Revision as of 02:34, 5 January 2012 by Dcastl2.cct.lsu.edu (Talk | contribs) (New page: Private/Public Key Decryption Failure * If you encounter a "failed to decrypt ''key_name''" message, it may be due to a disparity between the encryption algorithms that generate the impor...)


  • If you encounter a "failed to decrypt key_name" message, it may be due to a disparity between the encryption algorithms that generate the imported and exported keys rather than misconfiguration.
  • Try updating to Jcsh 0.1.44 from Orbit by adding [this link] as a repository.
  • See [user-ptp archives] for more details.
  • Jcsh 0.1.44 will be released automatically with Juno.


Configuration / Setup of SDM

  • Download the SDM from http://www.eclipse.org/downloads/download.php?file=/tools/ptp/updates/indigo/ptp-proxy-5.0.4-201111121445.zip
  • Unzip this and run 'sh BUILD' in proxy/org.eclipse.ptp.macosx.x86_5.0.4.201111121445
  • Get a copy of gfortran from here: http://hpc.sourceforge.net/ then install it in / (as root)
  • Launch Eclipse and create a new Fortran Hello World project.
  • Edit the makefile; change the fortran compiler to /usr/local/bin/gfortran, and remove the -O2 optimization.
  • Compile it by clicking on the hammer.
  • Create an Open MPI resource manager.
  • Create a debug configuration using this project and RM, set the executable, and set number of procs to 1.
  • On the debug tab, select SDM from step 2. Make sure session host is 'localhost'.
  • Launch the debug session.


Loading Remote Environment Variables for a Synchronized Project

  • An environment variable is a named value associated with a terminal session. Values take the form of strings, but numeric values can be stored and manipulated as strings.
  • Environment variables are local; thus, if you change a variable in a terminal session, its changes affect only that terminal session.
  • Environment variables are inherited by child processes. Child processes cannot change environment variables associated with the parent.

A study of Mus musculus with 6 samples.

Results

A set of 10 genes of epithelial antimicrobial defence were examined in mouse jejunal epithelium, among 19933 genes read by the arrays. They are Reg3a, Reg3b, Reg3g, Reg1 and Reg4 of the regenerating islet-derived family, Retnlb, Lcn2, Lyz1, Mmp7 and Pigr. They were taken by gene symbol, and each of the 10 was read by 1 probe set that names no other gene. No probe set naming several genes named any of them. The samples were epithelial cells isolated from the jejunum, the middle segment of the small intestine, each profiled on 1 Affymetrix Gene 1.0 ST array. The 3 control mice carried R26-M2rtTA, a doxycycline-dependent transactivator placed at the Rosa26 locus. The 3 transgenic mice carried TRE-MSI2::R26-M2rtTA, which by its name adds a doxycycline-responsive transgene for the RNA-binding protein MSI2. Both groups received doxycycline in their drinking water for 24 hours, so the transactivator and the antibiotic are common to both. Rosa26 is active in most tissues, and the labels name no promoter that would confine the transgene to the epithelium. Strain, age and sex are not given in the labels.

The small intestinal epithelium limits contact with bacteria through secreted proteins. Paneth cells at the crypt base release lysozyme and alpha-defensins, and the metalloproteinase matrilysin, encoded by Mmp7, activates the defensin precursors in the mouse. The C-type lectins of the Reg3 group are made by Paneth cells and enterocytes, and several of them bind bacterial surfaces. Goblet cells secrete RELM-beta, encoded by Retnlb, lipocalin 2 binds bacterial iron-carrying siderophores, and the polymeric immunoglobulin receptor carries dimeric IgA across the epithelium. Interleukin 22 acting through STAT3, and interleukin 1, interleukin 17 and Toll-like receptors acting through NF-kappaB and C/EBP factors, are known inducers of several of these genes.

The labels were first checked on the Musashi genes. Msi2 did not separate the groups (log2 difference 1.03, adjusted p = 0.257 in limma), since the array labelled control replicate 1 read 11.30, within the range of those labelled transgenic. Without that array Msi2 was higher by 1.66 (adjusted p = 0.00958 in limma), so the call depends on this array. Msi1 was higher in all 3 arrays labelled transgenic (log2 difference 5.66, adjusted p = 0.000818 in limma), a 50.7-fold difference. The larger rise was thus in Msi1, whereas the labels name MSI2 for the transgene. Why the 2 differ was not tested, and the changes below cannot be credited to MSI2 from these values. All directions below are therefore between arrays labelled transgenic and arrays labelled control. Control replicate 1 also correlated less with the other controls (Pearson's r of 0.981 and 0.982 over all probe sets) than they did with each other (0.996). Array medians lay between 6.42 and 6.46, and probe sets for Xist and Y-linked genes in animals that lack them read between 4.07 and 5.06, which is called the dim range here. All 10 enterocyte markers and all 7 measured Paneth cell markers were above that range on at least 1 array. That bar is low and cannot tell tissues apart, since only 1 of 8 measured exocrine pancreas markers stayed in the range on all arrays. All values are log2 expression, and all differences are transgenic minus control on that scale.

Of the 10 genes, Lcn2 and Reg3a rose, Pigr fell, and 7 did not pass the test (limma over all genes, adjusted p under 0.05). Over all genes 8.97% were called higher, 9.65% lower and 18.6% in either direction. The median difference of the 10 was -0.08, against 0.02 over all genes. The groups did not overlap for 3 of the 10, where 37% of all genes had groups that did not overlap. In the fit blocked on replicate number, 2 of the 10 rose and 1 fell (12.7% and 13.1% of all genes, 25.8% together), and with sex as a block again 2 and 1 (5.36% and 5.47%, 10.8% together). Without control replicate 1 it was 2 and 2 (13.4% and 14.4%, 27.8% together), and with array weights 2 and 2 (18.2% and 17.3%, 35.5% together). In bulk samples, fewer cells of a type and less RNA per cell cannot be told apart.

• Some important environment variables:
    • PATH: paths to binary files. If you have installed software in user space, make sure you update your $PATH to include the path to those binaries; then you can call them from anywhere.
    • LD_LIBRARY_PATH: paths to shared libraries. If an application in your $PATH uses shared libraries not within $LD_LIBRARY_PATH, you'll need to set $LD_LIBRARY_PATH to include them. Otherwise you will get an error such as: "libsomething.so: could not find shared library"
  • The command for defining an environment variable is export VAR=VALUE, where VAR is the name of the environment variable and VALUE is the value.
  • After definition, environment variables may be referenced as $VAR, with a dollar sign ($) before the variable name. E.g. echo $VAR following the above definition will print VALUE.
  • E.g.:
    • export GREETING="Hello"
    • export PATH=$PATH:$HOME/bin
  • Environment variables can be set per session on the command line, but are not stored. To store them, one may define them in ~/.bashrc or ~/.profile so that they load on startup (the files ~/.bashrc and ~/.profile contain instructions which execute upon startup of a terminal session).
  • If you change ~/.bashrc or ~/.profile and want to start a new session with its changes, use the command source [filename], as in source ~/.bashrc or source ~/.profile.
  • If you are not using bash, then you will need to change the shell-specific configuration.